Enough of this “scholarship” that needs to include aspersions against the objectivity of other scholars, even when agreeing that their central point in an article was right.

See Also: Writing Israel out of the History of Palestine

By Richard Elliott Friedman
Davis Professor of Jewish Studies, University of Georgia
Katzin Professor of Jewish Civilization Emeritus
University of California, San Diego
October 2012

Wow. That’s quite a curious reaction to an article that this person agreed was right. He wondered why I spent time listing so much of the evidence. I thought I was just making the evidence available to readers: here’s how we know that ancient Israel and Judah were there. And his main point was that, well, people erase Palestinian history just like Ahmadinejad and others deny the Jews’ history.

He says, “Every history is invented history.” He puts the words “history” and “facts” (and “Israel”) in quotation marks. He’s using what is known as a post-modern approach to undermine the possibility that we really know some history. It is ironic and sad that this had to come up during this week when we are mourning the loss of our greatest scholar of ancient Israel, its religion, and its culture, Frank Moore Cross, my teacher. I remember that a few years ago Professor Cross encouraged us not to despair over the sorry state of scholarship from Lemche’s circle. He said: “An anti-historical wind is blowing that supposes good scholarship and false ideologies cannot be distinguished.” (He also said, “After all post-modern is a ridiculous word. Pre-modern is possible, but not post-modern. I am reminded of the term 'pre-boarding' used of my getting aboard an airplane early with my cane. I do not mind pre-boarding as long as I was not asked to pre-disembark.”)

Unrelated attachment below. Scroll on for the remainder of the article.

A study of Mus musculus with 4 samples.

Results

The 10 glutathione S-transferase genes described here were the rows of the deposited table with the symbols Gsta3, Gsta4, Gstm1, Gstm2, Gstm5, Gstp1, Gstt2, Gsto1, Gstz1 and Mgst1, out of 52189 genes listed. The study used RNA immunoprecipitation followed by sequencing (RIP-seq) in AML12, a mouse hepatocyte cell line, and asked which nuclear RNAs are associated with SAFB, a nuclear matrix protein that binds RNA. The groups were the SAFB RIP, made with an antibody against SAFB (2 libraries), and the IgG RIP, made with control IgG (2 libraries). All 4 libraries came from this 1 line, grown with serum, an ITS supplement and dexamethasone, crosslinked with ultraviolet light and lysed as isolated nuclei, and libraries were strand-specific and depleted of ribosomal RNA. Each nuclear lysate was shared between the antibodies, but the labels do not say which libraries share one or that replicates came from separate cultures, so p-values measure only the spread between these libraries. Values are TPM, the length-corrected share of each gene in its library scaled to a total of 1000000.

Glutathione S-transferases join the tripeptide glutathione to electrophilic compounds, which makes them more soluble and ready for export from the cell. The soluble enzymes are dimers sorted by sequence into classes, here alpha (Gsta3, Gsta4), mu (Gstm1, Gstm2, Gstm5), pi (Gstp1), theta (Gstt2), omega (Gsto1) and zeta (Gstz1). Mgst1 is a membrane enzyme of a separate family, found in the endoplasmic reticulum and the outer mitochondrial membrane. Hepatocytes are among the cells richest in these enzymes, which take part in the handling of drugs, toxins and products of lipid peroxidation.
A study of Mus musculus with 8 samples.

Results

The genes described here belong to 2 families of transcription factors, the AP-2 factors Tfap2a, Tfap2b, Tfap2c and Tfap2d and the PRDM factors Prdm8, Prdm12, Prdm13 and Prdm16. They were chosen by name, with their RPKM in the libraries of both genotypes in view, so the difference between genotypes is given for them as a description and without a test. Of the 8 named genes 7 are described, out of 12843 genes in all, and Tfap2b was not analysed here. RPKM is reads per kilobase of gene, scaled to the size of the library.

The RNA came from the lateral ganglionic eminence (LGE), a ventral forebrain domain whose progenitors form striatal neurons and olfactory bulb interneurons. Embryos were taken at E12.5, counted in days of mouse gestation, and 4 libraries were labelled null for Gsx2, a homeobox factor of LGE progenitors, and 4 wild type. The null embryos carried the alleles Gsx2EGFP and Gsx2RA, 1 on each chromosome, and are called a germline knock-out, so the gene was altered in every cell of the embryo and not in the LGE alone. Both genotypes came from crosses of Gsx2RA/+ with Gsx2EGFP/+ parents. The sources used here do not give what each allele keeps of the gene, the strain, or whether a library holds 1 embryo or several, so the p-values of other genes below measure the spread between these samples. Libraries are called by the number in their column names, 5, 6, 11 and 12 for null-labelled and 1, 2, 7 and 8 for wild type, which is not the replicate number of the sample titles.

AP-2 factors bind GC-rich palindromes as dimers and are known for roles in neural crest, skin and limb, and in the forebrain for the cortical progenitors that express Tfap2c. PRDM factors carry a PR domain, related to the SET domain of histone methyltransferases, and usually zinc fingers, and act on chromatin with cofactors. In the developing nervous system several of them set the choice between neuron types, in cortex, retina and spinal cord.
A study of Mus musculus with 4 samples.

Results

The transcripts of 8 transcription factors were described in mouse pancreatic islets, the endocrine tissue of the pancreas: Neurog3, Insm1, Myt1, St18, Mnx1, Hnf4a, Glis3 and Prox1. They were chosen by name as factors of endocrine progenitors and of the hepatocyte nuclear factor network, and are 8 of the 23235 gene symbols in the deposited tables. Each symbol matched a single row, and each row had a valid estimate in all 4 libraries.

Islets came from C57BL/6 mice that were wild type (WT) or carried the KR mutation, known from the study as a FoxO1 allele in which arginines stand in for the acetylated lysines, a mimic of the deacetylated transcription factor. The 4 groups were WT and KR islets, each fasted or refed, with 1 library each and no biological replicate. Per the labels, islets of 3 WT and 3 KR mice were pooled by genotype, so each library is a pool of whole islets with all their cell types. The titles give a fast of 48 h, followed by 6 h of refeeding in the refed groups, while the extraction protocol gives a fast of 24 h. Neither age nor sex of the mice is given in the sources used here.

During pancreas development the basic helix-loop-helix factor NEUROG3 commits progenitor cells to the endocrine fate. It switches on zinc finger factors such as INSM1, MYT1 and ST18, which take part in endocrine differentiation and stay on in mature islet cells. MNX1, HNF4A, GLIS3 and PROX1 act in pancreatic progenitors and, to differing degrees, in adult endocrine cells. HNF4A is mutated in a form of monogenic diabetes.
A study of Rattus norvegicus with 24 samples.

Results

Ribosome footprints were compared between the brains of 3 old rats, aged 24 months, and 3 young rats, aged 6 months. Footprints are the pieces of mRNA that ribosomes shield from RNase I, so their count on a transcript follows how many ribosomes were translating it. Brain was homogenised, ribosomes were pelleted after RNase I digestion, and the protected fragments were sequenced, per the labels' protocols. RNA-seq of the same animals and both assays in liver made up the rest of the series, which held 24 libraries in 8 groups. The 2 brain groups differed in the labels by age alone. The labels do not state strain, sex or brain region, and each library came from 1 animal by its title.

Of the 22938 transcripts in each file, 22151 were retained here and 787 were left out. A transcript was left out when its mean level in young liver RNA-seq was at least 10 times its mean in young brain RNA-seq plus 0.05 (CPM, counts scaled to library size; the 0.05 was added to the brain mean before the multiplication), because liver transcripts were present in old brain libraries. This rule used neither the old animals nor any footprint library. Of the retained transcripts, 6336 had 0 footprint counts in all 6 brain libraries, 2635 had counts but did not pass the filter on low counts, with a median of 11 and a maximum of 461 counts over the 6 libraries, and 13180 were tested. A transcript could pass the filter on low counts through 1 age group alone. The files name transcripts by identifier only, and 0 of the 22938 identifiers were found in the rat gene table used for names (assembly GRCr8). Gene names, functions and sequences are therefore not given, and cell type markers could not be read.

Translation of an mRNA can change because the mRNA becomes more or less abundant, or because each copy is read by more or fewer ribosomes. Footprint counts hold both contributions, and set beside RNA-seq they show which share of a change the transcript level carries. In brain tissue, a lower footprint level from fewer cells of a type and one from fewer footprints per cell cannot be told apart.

I wrote a piece about how we know this history without having to get it just from the Bible. But Lemche then says that I definitely subscribe to a cultural memory founded on the Bible. I referred to thousands of inscriptions, and he referred to it as “some stray inscriptions.” I referred to the evidence of the proportion of pig bones on Israelite/Jewish sites — one percent compared to 40 percent on Philistine sites (cultural evidence, not biblical!), and he says it is not about pig bones, it is about what people have been told to believe. I referred to the linguistic evidence of the long and early development of the Hebrew language in biblical times — which is now a tremendous body of evidence. It completely undermines his position (that the biblical record comes from “the Jewish elite of the fourth through first centuries (BCE).” He doesn’t mention it. He claims that he uses the name Palestine for that land in ancient times because Herodotos used it. If he’d look carefully at all the references in Herodotos he’d see that they refer only to the region where the Philistines lived. That’s why Herodotos called it Philistia/Palestine. Not every history is invented history, but this one by Lemche sure is.

And then he asks why I spent all that space on the evidence. He’s asking for whom that bell tolls, when it apparently needed to toll for people like him.

And then he thinks he’s qualified to say that Palestinian history is being erased as well. Personally, I spent years in Jewish-Palestinian dialogue. None of us erased each other’s history. We looked each other in the face and listened, argued, agreed, and ate some really good hummus together. Professionally, I joined with Jewish and Arab archaeologists who met and worked together in collegiality. My late wife specialized in the Arab-Israel situation from the cultural perspective of an anthropologist. In her research she found Israeli historians all across the spectrum of analyses of Israeli and Palestinian history, reopening old questions, challenging each other with facts. I’m not sure that it was right for Lemche to use my discussion of ancient Israel and Ahmadinejad’s remark to jump into these questions, but I can say that he misrepresents the present picture — as badly as he misrepresents the picture of biblical times.

I’m sorry to have to say it, but this is simply weak scholarship, poorly prepared with the skills to judge the linguistic evidence, unable to judge the archaeological evidence, and mis-dating and mis-reading the textual evidence. He has no idea when texts were written, by whom, or why. He has no idea of how widespread Israel’s communities were or how extensive their government was over centuries. It’s enough already. Enough of this “scholarship” that needs to include aspersions against the objectivity of other scholars, even when agreeing that their central point in an article was right.